And I’m not talking about the kind of weeping that comes from being kicked in the groin while watching Sex and the City or any movie starring either Hugh Grant or Sandra Bullock (save for the football movie ‘cause at least it had Nick Saban in it). Such emotional fits are understandable … demented and sad … but understandable.
I’m talking about the unintentional kind of weeping that comes from a disease of the eye.
Beyond a lifetime of joy and worry, children are also very giving when it comes to illness and infections, and I have been the recent recipient of one such good tiding.
Jellybean gave me pink eye. But the true miracle was that she managed to give me this itchy, seeping, gunky blessing without actually catching it herself. Turns out one of the kids in her daycare class had it. Next thing I know, I’m staring at the world through mucus-colored glasses.
Having never had pink eye before, I headed to my local doc-in-a-box for medical assistance.
Surely the nice nurse leading me back to the examination room could’ve come up with a better greeting than, “So, how are you feeling today?”
“Just peachy,” I wanted to say. “Just thought I’d stop in to stock up on tongue depressors, gauze and ear-wax flush.”
I don’t mean to complain, but these poor people spend all day dealing with sick, groggy, grumpy patients. It seems like they’d come up with a uniform greeting like, “Good morning. Please don’t vomit on me.”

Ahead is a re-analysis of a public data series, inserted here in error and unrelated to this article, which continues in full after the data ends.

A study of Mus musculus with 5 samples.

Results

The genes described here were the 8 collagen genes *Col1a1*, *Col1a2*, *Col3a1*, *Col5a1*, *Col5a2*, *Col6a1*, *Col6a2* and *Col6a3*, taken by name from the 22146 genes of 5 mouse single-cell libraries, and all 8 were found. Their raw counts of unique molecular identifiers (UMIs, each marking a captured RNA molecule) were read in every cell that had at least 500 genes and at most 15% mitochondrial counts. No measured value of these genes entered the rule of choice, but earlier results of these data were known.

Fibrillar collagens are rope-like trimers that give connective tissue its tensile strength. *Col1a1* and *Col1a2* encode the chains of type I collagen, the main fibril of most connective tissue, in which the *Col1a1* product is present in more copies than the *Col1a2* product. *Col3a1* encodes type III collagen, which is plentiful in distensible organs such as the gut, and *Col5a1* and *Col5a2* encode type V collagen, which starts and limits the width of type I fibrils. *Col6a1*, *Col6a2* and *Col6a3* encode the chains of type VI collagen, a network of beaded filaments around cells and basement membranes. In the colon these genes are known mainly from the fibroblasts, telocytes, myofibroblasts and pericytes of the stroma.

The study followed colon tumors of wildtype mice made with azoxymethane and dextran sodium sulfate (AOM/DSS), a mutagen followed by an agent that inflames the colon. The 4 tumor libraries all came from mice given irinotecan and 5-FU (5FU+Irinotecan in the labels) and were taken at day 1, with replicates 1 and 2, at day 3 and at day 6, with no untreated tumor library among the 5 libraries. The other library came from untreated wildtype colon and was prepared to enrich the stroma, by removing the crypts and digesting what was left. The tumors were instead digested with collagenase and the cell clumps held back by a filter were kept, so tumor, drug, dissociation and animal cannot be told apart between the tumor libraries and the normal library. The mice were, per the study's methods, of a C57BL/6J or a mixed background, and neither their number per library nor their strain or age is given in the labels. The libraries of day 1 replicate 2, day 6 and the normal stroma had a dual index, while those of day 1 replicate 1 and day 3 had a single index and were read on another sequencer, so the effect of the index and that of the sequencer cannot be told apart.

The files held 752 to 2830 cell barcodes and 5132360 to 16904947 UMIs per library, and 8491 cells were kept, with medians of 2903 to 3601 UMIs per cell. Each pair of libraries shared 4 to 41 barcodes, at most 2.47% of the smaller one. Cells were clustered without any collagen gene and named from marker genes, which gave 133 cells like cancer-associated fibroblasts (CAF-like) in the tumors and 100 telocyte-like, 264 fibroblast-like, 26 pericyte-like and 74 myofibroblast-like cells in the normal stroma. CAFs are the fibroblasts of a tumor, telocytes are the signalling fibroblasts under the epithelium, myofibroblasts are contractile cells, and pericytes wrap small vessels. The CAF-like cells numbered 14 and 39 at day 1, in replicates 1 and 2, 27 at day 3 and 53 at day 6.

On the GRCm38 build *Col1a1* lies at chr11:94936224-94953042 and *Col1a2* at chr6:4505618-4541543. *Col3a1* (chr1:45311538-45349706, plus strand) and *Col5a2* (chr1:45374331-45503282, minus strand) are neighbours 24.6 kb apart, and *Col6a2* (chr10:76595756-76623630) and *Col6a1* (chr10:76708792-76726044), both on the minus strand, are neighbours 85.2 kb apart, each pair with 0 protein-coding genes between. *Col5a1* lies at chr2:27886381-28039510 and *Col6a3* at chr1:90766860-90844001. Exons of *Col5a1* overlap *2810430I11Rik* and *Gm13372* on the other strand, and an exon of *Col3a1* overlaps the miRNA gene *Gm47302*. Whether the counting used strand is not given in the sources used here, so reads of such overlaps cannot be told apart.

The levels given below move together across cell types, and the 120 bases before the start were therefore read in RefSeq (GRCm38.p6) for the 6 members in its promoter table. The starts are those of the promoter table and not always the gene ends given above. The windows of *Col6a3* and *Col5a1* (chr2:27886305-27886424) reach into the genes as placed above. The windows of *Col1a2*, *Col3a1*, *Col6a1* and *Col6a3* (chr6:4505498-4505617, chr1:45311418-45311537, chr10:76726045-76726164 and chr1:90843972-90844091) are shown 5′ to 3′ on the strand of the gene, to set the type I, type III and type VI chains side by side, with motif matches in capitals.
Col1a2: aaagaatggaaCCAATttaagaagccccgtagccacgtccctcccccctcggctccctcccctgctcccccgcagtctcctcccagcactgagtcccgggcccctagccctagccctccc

Instead, I mumbled something like, “Been better,” before being lead through the maze of closed exam doors, utility closets, nursing/triage stations and break rooms. No wonder it takes the doctors so long to see patients — they spend most of their time hiding from the minotaur.
My favorite part of the visit was the Big Reveal — the moment after the nurse had taken my blood pressure when she leaned over the counter ready to write in my chart and asked, “And what brings you here today?”
Lord knows the answers they hear — scurvy, rickets, Irritable Bowel Syndrome — all greeted with nonchalance. They don’t even bother putting on rubber gloves. These are trained professionals, and nothing gets them riled up or grossed out. Well … there is one thing.
Mention you’ve got pink eye, and all of a sudden you’re surrounded by a team of doctors dressed in space suits like the government scientists that trapped ET before he could phone home.
I wasn’t sure if I was a patient or an escapee from Chernobyl.
My nurse hopped faster than if she’d stepped on a snappin’ turtle. Next thing I know, I’m being treated like a 15th-century plague victim, having contracted the one disease more contagious than kooties.
Only instead of an imaginary shot, I got an eyeball bath. Whatever they squirted in there worked wonders, because I no longer look like an extra from a Cheech & Chong movie.
Now if only I could get rid of this cough, which was another gift from Jellybean. Kids …the gift that keeps on giving.
Contact Brett Buckner at firstname.lastname@example.org.